Swimming Pools

Swimming pools have ongoing maintenance requirements that are typically completed on a weekly or monthly basis and covered by a vendor contract. Other expenses related to pools are longer term and very costly which can disrupt the financial position of the country club and the membership's experience for prolonged periods if the project is not adequately planned for (preferably in the off season). Some of these longer term expenses are: 


  • Resurfacing of the pool approximately every 10 years
  • Tile & Coping replacement approximately every 20 years
  • Pool Deck resurfacing approximately every 20 years
  • Re-plumbing / re-piping the pool plumbing approximately every 40 years (coincide with pool deck repairs/replacement)

Additionally there is much more frequent pool expenses related to the mechanical equipment such as pool pumps, chemical systems, filters and heaters which need replacement on a more regular cycle and tend to vary in useful life based on the size & usage of the specific pool. These items may or may not be included in the reserve study as they are mostly lower costs items and may be below a threshold amount set by the Client and instead covered in the annual operating budget.   

swimming pool

tennis courts

Tennis Courts

Longer term tennis court resurface and replacement expenses are very dependent on proper installation of the court to begin with. It is extremely important the country club have a qualified vendor install tennis courts to ensure adequate base materials are present and drainage is adequate. With the proper installation and materials used tennis courts can expect to have regular cycles of resurfacing and eventual replacement at the time frame indicated: 

  • Resurface & Repair the courts approximately every 7 years
  • Replace the courts approximately every 28 years*

*Note that replacement of the tennis courts can be extremely costly with full replacement being much more expensive than an overlay over the old court. It is often difficult to determine which will be required in the early life of a court but as it ages it will become apparent if there are ongoing drainage issues or base issues which cause large cracks to form with time. 


Some country clubs decide against resurfacing the courts on a time scale of the above frequency but it has been our experience that these are also the courts which have a higher likelihood for the need for full scale replacement instead of just an overlay. This can usually be attribute to water intrusion issues and drainage which is not rectified on a regular cycle along with the court resurfacing and causes longer term and more significant damage to the aggregate base below the tennis court surface. 

Clubhouse / Recreation Building

The central meeting place, event location and often the first impression of a country club is the club house. As with any building there is ongoing maintenance needs to keep everything operational and in working order for the membership that relies on this central location for parties and meetings.


Longer term and more costly building and site components should be taken into consideration so that the repairs can be coordinated with the seasons and around the high use periods of the clubhouse. Common building and site components to fund for in the reserve study include:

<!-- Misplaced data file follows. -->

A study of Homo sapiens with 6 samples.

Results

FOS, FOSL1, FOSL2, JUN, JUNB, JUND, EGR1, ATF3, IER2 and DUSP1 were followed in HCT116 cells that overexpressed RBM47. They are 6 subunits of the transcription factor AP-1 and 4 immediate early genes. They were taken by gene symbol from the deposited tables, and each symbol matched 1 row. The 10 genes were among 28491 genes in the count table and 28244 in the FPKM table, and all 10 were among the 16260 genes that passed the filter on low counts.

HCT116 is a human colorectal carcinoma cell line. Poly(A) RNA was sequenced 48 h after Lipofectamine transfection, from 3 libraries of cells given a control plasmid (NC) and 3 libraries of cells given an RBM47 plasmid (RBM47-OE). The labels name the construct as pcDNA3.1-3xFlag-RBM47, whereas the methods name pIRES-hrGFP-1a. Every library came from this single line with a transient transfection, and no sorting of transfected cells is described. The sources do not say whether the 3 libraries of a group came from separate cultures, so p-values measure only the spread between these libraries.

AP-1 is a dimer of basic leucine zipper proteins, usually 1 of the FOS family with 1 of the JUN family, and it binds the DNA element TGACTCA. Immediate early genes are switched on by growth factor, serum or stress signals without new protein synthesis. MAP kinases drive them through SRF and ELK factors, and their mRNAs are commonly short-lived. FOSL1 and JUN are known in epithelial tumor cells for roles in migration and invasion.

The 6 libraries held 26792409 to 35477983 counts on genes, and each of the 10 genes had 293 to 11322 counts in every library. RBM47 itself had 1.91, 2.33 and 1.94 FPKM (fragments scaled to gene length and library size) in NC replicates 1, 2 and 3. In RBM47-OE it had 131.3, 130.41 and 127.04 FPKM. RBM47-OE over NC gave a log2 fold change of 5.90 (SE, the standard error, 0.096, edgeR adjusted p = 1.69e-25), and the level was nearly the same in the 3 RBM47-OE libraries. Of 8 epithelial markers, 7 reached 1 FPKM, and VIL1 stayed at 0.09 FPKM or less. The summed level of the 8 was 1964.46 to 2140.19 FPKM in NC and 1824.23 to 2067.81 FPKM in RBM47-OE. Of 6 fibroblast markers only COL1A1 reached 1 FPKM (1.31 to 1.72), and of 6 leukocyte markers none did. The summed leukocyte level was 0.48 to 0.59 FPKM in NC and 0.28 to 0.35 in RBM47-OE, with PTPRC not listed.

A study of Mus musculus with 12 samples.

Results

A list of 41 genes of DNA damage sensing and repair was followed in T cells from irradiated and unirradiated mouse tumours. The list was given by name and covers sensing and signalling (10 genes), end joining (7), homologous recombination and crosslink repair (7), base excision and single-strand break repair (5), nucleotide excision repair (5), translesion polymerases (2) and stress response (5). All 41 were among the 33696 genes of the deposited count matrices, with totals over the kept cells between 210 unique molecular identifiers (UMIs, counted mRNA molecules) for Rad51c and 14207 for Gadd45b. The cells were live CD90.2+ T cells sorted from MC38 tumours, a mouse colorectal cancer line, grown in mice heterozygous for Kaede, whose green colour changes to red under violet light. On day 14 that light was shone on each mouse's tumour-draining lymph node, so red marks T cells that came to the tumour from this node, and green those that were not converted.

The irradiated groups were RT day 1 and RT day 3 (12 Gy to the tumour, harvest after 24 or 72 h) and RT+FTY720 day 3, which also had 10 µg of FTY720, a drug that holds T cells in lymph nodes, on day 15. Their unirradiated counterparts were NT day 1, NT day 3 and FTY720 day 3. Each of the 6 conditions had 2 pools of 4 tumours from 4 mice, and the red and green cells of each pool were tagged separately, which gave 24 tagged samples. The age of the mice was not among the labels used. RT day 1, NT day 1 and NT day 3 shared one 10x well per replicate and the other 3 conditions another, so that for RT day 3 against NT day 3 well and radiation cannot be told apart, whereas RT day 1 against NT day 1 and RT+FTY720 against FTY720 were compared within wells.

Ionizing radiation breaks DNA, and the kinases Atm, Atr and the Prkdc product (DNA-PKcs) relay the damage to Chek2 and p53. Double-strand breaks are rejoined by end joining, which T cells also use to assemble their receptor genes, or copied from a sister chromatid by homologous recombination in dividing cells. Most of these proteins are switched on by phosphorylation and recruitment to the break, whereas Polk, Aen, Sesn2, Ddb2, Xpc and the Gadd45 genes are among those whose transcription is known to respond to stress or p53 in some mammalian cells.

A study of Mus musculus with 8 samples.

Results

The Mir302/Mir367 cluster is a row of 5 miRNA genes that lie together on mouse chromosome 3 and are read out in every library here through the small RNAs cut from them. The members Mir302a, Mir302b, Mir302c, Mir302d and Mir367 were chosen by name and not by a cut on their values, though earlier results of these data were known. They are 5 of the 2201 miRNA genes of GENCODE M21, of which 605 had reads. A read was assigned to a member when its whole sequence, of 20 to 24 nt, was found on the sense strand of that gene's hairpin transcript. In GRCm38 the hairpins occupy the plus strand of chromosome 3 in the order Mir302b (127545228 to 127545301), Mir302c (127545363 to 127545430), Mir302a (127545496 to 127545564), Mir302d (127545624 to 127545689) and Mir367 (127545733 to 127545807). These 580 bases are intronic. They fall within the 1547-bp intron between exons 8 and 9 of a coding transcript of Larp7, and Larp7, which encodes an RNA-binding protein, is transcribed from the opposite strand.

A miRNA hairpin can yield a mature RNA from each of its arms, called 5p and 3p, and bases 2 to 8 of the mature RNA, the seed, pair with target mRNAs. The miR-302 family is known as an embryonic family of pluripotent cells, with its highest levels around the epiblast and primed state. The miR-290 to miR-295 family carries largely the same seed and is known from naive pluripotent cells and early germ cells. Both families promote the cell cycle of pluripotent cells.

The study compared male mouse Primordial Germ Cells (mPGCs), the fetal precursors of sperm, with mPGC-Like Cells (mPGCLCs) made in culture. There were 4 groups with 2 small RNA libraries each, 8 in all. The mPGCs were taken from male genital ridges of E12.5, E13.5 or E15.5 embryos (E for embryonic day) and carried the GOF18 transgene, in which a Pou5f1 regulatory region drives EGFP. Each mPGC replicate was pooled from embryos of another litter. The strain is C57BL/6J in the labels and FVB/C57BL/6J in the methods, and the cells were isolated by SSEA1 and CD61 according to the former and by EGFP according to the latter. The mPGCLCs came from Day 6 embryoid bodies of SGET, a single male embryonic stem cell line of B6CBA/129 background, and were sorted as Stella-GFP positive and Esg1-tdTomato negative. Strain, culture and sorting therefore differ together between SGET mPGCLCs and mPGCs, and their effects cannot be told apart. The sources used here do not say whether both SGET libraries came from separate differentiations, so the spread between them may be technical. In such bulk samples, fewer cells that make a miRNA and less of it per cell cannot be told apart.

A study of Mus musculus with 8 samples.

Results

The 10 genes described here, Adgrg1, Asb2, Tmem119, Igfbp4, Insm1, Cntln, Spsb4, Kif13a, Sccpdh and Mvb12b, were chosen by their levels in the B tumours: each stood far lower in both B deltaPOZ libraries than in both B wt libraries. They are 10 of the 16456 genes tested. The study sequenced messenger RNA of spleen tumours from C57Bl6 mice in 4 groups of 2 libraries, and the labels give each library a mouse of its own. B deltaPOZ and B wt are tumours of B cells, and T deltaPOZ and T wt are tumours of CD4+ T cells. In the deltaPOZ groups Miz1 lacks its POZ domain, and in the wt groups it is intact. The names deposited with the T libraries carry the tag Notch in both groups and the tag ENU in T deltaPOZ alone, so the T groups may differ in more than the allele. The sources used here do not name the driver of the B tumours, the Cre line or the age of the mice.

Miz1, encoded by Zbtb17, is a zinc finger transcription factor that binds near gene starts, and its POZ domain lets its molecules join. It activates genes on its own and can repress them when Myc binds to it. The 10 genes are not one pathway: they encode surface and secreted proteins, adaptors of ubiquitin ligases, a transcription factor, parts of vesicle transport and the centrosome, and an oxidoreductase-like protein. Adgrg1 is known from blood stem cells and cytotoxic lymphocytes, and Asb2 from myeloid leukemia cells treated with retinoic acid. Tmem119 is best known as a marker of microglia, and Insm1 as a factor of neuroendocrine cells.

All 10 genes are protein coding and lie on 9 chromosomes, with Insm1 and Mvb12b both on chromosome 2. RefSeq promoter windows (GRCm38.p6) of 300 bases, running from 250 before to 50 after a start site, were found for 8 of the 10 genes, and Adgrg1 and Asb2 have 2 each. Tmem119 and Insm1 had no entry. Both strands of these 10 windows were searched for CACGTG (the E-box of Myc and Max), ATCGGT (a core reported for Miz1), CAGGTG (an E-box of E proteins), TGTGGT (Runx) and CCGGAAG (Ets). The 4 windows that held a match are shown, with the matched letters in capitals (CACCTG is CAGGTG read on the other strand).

• Roof Replacement of composition shingle every 20-25 years
  • Exterior paint over wood surfaces approximately every 5 years, fiber cement every 8 years
  • Interior paint surfaces every 8-10 years more often for high use areas like a recreation room
  • Carpet replacement approximately at 10 years
  • Asphalt parking lot reseal and restripe every 5 years
  • Asphalt overlay approximately every 25 years 

kitchen remodel

Functional Obsolescence

As a country club ages there will be a shift in the appeal and desirability of the facilities. Clubhouses will often have an outdated look and have undesirable smells from years of events. While the facility may be fully functional country clubs that do not have ongoing cycles of remodeling of the facilities will find that they get used less and less over the years. This is known as functional obsolescence and is often an issues with older country clubs with boards that are divided on how it should be addressed. 

Based on our experience with many communities we typically recommend the bellow remodel schedules to meet membership expectations. 

  • Kitchen remodel at 20 years
  • Bathroom remodel at 20 years
  • Cosmetic remodel of recreation / meeting rooms at 20 years

There is often a divide in the Board of country clubs when voting to conduct these remodels. Some members will see no reason to remodel a kitchen and bathroom which are still functional even though outdated. This can often be attributed to generation appeal differences and the desire to keep dues as low as possible. It has been our experience though that refraining from these updates will result in membership which does not use the facilities and eventually the loss of membership as it is not worth the expense for them. 

With adequate planning and budgeting for these updates / remodels the impact on dues will be minimal, another reason to have a reserve study completed early on for a country club and not after all these items need to be addressed.